Green Notes (Camden)
Walking into the small an intimate Green Notes venue in Camden, a wave of heat is the first thing to greet you, but second to that was a wall of incredible energy and sound bursting from the stage, that just managed to hold Seby Ntege and his four piece band.
The groove reminded me of surfing waves, although played on a kora and accompanied by Angel Motoka on vocal harmonies, Seby Ntege, a multi-instrumentalist from Uganda swaps his 22 stringed West-African lute: the kora, for a African drum: the djembe.
The stamina of the band exceeded expectation, Seby himself is one of the most jolly characters in music, with a cheeky smile and a laugh that cracks out during every moment: a contagious laugh that kept the audience in high spirits, chuckling in between each song, the guitarist Sherratt was also funny, cracking jokes and adding to the positive vibes.
During the set Seby played many instruments from his home in Uganda, including a Akogo, a type of kalimba: which is a small thumb piano. He also played a smaller version of a kora, an adungu, as well as engalabi and djembe percussion.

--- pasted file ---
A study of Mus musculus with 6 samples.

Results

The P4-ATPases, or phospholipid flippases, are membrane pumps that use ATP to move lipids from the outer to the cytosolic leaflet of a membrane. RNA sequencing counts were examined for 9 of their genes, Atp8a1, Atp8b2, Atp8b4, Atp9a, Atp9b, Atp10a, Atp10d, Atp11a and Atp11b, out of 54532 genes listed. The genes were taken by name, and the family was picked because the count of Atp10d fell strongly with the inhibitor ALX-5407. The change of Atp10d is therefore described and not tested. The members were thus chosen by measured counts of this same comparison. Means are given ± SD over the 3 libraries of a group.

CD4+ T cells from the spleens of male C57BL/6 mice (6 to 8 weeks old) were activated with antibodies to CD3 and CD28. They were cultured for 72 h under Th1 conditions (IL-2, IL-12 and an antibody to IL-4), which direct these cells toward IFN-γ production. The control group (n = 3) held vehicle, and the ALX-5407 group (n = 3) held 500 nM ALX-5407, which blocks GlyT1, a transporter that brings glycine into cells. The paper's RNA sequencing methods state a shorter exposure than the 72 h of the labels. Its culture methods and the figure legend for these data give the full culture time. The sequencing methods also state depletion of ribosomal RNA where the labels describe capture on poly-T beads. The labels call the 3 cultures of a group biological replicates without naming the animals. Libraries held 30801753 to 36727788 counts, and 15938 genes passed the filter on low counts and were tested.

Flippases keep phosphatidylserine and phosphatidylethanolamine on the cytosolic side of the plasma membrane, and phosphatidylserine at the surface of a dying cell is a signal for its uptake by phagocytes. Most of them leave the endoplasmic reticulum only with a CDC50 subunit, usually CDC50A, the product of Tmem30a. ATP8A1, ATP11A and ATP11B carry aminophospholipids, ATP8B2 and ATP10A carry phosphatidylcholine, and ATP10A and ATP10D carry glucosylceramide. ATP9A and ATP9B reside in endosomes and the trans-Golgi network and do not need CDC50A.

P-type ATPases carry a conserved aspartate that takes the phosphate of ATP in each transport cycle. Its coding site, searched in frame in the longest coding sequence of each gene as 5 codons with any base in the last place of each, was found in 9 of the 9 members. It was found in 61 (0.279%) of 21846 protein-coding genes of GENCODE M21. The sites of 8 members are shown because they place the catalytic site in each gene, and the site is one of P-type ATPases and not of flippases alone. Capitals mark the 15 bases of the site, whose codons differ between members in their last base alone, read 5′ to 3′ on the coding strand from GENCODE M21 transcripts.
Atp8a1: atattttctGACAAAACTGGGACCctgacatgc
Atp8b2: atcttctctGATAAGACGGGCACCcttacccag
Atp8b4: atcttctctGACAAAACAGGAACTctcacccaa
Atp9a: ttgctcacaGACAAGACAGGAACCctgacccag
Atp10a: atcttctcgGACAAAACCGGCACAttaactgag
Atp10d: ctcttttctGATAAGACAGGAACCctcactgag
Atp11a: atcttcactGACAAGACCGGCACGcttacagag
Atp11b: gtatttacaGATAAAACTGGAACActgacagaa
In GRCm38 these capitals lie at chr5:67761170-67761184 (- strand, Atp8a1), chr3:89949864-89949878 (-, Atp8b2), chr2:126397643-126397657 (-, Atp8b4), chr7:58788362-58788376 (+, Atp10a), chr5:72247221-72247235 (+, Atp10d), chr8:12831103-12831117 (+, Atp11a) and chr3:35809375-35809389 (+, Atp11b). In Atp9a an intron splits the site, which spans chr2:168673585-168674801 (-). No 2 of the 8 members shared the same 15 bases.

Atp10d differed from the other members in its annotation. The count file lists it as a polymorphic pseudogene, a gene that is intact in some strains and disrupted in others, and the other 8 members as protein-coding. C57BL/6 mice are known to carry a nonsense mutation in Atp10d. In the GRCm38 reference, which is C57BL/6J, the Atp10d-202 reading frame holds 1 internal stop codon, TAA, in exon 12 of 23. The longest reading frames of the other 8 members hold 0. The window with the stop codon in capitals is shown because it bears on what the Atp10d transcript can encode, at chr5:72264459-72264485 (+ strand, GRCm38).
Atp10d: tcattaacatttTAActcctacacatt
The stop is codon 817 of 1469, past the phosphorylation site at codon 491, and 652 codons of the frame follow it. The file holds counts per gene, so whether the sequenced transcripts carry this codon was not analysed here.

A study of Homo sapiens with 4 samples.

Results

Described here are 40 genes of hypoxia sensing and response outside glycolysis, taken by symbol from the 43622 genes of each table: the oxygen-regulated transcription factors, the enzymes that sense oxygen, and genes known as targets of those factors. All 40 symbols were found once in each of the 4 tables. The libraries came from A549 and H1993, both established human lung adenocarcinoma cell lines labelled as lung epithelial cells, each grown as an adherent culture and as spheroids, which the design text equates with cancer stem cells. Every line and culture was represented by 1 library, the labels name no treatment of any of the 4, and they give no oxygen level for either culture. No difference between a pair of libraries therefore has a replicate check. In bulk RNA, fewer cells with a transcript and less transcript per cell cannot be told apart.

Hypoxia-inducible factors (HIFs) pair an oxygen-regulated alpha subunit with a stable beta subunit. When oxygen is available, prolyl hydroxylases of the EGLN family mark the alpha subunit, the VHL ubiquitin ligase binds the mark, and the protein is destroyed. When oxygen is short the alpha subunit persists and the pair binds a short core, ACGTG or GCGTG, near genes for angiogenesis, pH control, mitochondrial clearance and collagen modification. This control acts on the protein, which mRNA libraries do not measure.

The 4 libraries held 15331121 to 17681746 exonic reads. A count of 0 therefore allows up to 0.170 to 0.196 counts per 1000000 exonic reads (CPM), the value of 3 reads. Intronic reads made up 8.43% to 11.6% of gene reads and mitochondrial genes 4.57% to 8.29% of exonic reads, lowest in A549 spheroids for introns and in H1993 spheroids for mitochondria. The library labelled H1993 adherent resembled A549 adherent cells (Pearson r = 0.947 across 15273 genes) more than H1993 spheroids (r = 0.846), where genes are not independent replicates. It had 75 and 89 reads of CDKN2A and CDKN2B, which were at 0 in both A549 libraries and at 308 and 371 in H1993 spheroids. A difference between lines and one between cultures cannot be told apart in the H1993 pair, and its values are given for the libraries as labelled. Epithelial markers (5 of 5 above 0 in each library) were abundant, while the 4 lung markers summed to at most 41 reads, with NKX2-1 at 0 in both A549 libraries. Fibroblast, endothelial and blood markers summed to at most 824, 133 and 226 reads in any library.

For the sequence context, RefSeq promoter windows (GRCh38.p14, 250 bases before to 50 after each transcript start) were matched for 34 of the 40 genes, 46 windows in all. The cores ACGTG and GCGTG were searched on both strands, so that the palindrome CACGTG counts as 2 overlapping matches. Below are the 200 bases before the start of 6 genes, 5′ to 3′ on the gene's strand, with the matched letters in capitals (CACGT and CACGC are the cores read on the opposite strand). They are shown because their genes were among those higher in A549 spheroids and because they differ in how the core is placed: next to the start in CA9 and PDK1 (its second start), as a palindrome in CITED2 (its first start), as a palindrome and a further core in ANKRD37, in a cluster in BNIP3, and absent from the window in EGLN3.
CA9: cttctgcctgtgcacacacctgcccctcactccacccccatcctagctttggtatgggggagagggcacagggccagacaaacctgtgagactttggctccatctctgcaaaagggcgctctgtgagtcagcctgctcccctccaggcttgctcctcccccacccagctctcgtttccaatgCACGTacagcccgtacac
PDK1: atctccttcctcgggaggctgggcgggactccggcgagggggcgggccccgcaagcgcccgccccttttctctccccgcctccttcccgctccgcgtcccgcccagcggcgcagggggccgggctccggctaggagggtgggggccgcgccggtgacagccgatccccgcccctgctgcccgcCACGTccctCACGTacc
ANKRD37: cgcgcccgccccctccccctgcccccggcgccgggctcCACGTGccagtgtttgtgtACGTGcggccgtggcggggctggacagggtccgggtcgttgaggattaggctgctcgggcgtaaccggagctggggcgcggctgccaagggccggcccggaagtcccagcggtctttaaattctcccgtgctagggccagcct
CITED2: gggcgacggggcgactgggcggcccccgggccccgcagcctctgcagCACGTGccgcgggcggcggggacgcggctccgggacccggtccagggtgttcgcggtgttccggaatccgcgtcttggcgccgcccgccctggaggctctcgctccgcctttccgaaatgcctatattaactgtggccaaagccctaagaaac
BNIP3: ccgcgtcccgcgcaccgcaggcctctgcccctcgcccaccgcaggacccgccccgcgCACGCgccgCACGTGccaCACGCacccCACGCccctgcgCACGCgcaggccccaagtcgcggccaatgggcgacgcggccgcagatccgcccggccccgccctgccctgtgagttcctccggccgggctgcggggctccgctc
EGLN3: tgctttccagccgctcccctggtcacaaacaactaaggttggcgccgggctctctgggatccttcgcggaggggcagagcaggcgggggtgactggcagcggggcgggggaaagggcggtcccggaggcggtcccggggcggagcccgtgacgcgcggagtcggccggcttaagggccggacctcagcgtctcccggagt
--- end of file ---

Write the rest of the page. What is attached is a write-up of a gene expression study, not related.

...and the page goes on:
When playing the akogo during one song, it sounded as though it was possessed through a wah wah pedal, which I’d never heard on a thumb piano. Sebys album ‘5 Notes’ of which the concert was promoting as part of their tour: is about in London for the past 15 years, and how he misses the 5 note pentatonic music from his home town, whilst still enjoying London. In this way, I think you could feel the message of fusion between the two lands for Seby in some noticeably western musicalities, such as the wah wah on the akogo.
Seby code switched between his home languages and English, all lyrics delivered passionately and elaborately, emotions etched completely in Sebys expressions and delivery.
The songs were mostly upbeat, happy, prompting ‘whoops’ and encouraging cries from the audience at times, as well as musical clapping, singing along and even during a couple of tunes sporadic dancing erupted throughout the hole space.
The electric guitar was a treat, seeming that Sherratt had fully embodied the music Seby plays as they trill off one another cyclically in characteristic guitar styles of West Africa. Bass player Lucas also completely dissolved in the music is actually credited with producing ‘5 Notes’.
The rapport between band members was happy and fun, and thus between band and audience.
Seby brought the carnivorous tone down to do an emotional song about his mothers passing. The audience sat down to listen intently. The song was so beautiful, there were tears to be seen, I myself even found myself thinking lovingly after my own mother… promoting a shake back into reality when the song ended.
The evening with Seby and his band was notable by endless smiles and laughter, music that makes you dance and musicians that are professional and happy, all punctuated regularly by Seby’s authentic and contagious chuckling.